CNNMoney Girlcrew app

Editor’s Note: This story was originally published July 31, 2018

CNN Business  — 

One Friday night, Elva Carri wanted to go out dancing, but her friends were all too busy.

So the Dublin resident changed her gender on dating app Tinder to male and explained in her profile that she was looking for platonic female friends to hang out with.

“That evening I just chatted to a bunch of girls on Tinder,” Carri, 33, told CNNMoney. She matched with more than 100 women in just 24 hours.

The following night, she and a friend from university went out with one of her matches and had a great time.

That experience back in 2014 inspired her to start GirlCrew, an online platform that helps women forge new friendships.

GirlCrew is now available in 35 cities worldwide and has nearly 40,000 users.

Girl power

GirlCrew began as a meet-up group on Facebook (FB). Carri added her new matches on Tinder to the group so they could “hang out and connect easily.”

One of those women, Aine Mulloy, started working with her on the project alongside Pamela Newenham, whom Carri met “on a surf weekend for entrepreneurs.” The Facebook group went beyond Dublin and launched in other cities.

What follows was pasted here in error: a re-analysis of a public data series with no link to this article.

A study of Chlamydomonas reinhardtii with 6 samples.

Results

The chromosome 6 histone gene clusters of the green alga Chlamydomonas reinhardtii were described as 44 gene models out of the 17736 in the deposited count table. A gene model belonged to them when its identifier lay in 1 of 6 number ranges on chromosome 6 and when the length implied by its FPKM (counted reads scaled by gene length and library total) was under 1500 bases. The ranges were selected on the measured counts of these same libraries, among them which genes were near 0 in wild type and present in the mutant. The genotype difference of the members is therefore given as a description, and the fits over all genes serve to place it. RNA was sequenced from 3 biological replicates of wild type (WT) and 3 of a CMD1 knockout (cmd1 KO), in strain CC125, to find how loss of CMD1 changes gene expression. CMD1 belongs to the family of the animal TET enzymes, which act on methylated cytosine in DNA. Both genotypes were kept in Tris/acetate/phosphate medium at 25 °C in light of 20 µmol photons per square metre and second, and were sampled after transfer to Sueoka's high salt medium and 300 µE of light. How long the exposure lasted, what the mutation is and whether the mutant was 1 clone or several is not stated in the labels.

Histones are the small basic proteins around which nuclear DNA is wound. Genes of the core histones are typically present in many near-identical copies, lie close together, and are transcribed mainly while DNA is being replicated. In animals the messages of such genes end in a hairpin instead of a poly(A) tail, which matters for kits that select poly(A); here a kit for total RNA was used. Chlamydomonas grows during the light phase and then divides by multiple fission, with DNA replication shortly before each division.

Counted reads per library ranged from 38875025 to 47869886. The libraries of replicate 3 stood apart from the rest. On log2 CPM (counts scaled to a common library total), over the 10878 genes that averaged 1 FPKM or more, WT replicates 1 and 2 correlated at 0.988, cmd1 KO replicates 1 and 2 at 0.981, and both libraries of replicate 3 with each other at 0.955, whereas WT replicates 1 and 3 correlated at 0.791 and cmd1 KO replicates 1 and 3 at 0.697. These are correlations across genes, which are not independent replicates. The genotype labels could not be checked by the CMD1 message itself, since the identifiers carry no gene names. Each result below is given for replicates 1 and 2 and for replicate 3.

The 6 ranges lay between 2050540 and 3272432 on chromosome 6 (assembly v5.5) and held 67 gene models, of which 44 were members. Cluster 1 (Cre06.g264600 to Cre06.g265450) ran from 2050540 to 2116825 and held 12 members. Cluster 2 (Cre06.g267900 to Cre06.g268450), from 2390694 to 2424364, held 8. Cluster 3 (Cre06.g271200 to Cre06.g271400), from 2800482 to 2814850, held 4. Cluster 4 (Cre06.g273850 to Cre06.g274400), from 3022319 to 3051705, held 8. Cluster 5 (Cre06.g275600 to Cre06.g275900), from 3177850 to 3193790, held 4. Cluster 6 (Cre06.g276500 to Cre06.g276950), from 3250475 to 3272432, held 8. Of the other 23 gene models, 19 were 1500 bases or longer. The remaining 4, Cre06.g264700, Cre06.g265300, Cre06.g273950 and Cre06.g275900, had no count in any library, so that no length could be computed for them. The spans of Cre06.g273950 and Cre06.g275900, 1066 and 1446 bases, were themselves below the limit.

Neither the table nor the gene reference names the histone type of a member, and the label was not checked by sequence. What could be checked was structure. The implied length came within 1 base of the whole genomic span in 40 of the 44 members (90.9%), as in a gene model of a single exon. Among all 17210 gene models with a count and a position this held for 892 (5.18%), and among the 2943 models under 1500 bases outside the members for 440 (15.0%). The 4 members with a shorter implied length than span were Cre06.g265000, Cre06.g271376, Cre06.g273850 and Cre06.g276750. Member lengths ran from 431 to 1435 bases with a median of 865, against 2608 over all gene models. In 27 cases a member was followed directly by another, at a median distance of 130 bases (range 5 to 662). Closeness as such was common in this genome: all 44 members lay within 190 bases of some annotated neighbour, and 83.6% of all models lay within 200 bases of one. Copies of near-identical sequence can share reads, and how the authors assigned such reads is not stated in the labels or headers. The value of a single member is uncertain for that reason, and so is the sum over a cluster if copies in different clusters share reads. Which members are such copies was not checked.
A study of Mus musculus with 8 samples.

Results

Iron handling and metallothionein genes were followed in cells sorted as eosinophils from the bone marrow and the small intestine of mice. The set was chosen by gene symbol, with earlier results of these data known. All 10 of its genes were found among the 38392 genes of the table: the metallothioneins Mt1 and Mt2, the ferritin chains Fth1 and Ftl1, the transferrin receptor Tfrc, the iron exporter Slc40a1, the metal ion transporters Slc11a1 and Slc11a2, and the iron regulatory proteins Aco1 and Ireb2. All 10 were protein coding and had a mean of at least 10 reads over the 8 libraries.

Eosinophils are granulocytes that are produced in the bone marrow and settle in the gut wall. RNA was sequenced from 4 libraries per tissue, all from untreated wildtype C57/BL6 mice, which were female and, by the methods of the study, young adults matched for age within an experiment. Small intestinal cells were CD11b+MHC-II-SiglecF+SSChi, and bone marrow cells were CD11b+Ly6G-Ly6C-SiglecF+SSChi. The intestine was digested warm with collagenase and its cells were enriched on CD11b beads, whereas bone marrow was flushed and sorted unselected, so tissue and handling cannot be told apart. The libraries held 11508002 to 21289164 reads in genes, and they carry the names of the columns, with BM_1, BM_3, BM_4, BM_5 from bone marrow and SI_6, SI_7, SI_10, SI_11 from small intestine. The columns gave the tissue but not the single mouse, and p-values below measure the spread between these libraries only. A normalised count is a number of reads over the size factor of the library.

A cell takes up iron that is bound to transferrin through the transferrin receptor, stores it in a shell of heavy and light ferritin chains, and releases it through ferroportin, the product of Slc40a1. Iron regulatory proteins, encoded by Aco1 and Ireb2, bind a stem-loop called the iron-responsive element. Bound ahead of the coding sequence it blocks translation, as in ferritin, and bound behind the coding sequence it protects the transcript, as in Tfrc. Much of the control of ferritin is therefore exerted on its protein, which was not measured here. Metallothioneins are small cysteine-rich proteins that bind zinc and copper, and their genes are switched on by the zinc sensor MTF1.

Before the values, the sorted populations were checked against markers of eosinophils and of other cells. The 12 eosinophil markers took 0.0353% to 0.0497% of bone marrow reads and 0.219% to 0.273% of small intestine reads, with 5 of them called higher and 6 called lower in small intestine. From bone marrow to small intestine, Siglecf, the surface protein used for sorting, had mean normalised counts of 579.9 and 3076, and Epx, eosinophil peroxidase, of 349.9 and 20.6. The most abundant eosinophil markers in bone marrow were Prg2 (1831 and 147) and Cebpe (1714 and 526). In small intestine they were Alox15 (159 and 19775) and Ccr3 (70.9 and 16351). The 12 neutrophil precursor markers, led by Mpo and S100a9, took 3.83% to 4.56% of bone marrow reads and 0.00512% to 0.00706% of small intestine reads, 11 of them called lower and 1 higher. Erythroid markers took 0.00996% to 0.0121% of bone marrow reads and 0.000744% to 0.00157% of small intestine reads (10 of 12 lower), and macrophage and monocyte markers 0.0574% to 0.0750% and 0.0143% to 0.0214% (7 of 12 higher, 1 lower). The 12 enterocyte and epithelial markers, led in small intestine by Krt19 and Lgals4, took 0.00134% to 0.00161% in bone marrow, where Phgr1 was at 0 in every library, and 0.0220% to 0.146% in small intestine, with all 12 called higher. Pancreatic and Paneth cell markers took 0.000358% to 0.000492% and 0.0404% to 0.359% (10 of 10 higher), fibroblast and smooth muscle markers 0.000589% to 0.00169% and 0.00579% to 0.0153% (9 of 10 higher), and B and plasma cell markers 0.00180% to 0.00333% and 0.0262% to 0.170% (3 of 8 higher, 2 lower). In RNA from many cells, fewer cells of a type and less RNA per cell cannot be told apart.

“People had requested we start them in other places,” Carri said, so the team added cities where there was demand or where they thought the group would work well.

Soon they realized they needed their own app. The Facebook group was already making money through ads, partnerships and sponsorships with brands, according to Carri, but the team wanted more control.

“When you’re running something on someone else’s platform, you come up against limitations,” she said.

In 2016, the three women quit their jobs to work full time on GirlCrew. Carri was a digital marketing consultant, Newenham was a journalist, and Mulloy worked at an educational publishing company.

In June 2017, GirlCrew launched an app in Ireland – followed by Australia, the United Kingdom and the United States over the following year.

The app, which is free to join and use, allows users to select the city they’re based in. They can join events in the local area or create their own. Members must be over 18 and sign up using their real names.

In Dublin, where GirlCrew is based, there’s a premium version for $12 a month. In July this year, GirlCrew also launched a premium version in San Francisco, available for $20 a month. Premium members get access to events hosted by GirlCrew, private chat groups and discounts from businesses.

The company has raised just under $1 million in funding, and investors include LinkedIn CEO Jeff Weiner. Newenham interviewed him for an article for the Irish Times, and he wanted to invest after she told him about GirlCrew.

The business hired its first employee in 2016 and now has six of them.

Most of the app’s users are in their mid-20s to mid-30s, according to Carri. They include women whose friends have moved away or had children – as well as mothers and retirees.

“Our members are ambitious and driven, and work really hard and are passionate about what they do – so then when they have free time, they just want to make the most of it with some other women,” Carri said.

“It’s not that they don’t have friends – it’s just everyone is so busy all the time, we need to optimize the time we do have.”